Many countries do not have full-time courses for paramedics
Paramedical education in India is highly disorganised. According to a report by the Planning Commission of India, the country needs as many as six lakh doctors, 10 lakh nurses and huge numbers of paramedics. In fact, in primary healthcare centres (PHCs) alone, there is a shortage of 54,037 specialists and paramedical staff.education Updated: Sep 10, 2014 11:38 IST
Paramedical education in India is highly disorganised. According to a report by the Planning Commission of India, the country needs as many as six lakh doctors, 10 lakh nurses and huge numbers of paramedics. In fact, in primary healthcare centres (PHCs) alone, there is a shortage of 54,037 specialists and paramedical staff.
As Dr Pradeep Bhardwaj, a medical expert and visiting professor at Harvard, IIM-A, ISB, among others, points out, “In India, as is the case in many other countries, the doctor is supreme, and paramedical staff are not given as much importance. There is no regulatory body as far as paramedical education in India goes; so most of the staff are trained on the job.”
Internationally, too, there are not many countries that have recognised full-time courses or training modules for paramedics. In Canada, as Marc Bavin, associate director, strategic partnerships and international student initiative, The University of British Columbia (UBC), explains, the rules and regulations vary with provinces. “There are no specific standards that govern paramedical education in the country. For instance, many community and technical colleges offer certificate or diploma courses in paramedical sciences. While in British Columbia, these courses range from six months to 11 months, in Ontario, colleges offer two to four year courses. All paramedical staff come under the Paramedic Association of Canada,” he says. Since students pursuing medical sciences in Canada have to do their pre-med before joining a medical school, they get a basic training across most medical and paramedical disciplines.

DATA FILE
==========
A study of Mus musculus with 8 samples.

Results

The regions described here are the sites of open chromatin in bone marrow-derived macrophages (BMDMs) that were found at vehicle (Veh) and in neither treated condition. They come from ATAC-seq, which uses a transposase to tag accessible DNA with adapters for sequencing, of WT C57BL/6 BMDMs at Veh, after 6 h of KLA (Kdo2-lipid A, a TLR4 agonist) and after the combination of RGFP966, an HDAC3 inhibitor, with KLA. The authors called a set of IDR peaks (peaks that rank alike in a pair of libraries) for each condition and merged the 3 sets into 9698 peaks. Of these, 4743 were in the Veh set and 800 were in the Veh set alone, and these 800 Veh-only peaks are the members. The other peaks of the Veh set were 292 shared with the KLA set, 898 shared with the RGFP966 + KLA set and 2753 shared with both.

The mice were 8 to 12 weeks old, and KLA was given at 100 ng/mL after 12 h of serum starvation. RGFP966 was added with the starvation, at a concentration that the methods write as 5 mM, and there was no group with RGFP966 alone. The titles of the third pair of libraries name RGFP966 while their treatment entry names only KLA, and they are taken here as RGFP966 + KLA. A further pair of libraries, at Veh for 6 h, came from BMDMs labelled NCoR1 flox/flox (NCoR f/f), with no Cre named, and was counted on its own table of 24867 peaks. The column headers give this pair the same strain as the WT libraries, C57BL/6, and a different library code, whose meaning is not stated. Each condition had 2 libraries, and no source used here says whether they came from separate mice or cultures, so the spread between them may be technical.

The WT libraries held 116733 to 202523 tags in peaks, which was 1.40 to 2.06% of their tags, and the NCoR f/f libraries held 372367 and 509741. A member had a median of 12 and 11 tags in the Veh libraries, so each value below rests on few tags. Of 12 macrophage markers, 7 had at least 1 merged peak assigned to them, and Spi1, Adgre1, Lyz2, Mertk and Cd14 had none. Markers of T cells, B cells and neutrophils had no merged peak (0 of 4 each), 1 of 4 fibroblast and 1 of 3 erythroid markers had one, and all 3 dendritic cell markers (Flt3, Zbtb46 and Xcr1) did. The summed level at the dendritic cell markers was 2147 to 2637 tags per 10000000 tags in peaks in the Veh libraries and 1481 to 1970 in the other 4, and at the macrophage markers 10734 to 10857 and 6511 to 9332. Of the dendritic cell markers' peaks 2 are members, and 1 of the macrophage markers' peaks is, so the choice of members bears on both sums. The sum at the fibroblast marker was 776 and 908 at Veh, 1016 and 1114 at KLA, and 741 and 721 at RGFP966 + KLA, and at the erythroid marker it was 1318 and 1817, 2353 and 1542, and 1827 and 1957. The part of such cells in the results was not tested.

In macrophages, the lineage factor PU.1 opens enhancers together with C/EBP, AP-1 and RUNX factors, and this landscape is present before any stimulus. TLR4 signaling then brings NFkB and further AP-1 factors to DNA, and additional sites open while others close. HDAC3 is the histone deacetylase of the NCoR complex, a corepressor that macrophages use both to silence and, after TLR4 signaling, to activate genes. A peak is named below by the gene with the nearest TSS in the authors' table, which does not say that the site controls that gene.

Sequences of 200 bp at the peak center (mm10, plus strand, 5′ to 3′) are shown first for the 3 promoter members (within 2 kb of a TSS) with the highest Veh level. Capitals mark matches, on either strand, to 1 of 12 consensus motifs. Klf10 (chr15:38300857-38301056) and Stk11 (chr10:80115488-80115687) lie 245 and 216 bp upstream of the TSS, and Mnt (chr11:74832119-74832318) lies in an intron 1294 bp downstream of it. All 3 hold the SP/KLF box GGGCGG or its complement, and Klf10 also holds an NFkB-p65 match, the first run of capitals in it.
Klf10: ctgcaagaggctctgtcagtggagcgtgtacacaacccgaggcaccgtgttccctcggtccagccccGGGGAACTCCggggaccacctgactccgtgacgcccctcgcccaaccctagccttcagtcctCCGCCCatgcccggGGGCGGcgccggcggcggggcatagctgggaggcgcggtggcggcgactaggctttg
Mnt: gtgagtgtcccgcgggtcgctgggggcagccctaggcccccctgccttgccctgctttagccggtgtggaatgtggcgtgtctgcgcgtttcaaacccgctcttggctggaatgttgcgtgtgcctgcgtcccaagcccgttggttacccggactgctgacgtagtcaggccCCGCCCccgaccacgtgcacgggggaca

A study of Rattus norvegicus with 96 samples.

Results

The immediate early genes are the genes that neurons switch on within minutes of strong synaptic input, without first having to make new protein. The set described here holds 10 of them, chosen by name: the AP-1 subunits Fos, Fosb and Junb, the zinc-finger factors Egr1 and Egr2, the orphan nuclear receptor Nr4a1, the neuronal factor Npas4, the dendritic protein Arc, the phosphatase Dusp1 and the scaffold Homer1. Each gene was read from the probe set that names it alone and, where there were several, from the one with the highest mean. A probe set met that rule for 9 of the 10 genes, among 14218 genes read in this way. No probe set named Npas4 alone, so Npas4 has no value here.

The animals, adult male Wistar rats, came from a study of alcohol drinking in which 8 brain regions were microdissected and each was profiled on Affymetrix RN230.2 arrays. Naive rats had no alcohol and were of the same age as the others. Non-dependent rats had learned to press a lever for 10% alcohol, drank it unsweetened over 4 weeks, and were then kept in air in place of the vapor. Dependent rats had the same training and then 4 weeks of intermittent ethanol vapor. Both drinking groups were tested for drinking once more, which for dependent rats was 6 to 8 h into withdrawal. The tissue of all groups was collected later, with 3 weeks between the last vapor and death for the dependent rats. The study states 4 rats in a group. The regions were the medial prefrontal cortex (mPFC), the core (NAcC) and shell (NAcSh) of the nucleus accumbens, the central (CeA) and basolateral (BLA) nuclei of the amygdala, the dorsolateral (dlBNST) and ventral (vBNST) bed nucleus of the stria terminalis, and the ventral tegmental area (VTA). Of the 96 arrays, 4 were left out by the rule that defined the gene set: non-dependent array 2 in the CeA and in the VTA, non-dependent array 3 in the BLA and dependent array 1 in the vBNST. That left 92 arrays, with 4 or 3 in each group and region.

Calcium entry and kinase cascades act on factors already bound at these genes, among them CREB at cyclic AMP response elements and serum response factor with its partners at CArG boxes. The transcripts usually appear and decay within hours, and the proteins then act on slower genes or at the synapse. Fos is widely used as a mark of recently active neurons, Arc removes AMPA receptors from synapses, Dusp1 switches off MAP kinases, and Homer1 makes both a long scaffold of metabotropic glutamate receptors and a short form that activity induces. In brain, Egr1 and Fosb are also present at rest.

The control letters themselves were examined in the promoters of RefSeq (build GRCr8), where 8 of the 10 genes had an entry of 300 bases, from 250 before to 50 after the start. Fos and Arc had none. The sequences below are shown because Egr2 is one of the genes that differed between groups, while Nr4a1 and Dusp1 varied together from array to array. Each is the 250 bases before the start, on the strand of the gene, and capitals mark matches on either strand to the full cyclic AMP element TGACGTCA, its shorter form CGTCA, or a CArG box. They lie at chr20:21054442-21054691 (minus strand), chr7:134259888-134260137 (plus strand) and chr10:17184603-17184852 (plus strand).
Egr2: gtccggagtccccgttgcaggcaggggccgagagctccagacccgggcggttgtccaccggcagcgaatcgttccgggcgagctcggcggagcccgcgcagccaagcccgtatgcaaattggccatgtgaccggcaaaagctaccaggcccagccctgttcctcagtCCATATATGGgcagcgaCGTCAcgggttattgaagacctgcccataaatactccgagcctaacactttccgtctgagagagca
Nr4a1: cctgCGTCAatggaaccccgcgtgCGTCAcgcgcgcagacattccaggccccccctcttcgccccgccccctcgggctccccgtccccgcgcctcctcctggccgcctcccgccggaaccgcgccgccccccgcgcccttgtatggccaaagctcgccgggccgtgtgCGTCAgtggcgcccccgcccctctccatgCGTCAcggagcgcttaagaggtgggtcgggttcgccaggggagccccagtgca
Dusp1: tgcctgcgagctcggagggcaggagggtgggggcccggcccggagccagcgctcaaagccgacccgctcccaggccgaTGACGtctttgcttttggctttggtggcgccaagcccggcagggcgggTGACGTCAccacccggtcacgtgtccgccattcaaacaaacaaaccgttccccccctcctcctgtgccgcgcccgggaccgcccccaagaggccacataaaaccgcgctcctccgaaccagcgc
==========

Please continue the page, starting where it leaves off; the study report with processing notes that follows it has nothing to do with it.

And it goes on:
According to a Reader’s Digest Annual Poll of most trusted brands in Australia and New Zealand (2013 and 2014), paramedics came second, right after fire fighters. The Council of Ambulance Authorities (CAA), a professional body for ambulance services in Australia and New Zealand, has established the Paramedic Education Programmes Accreditation Scheme to ensure that graduates meet education and training standards for employment with Australian and New Zealand ambulance services. The website (http://www.caa.net.au/) lists some universities that offer fully-accredited paramedical courses such as bachelor of health science, emergency health, clinical practice, to name a few.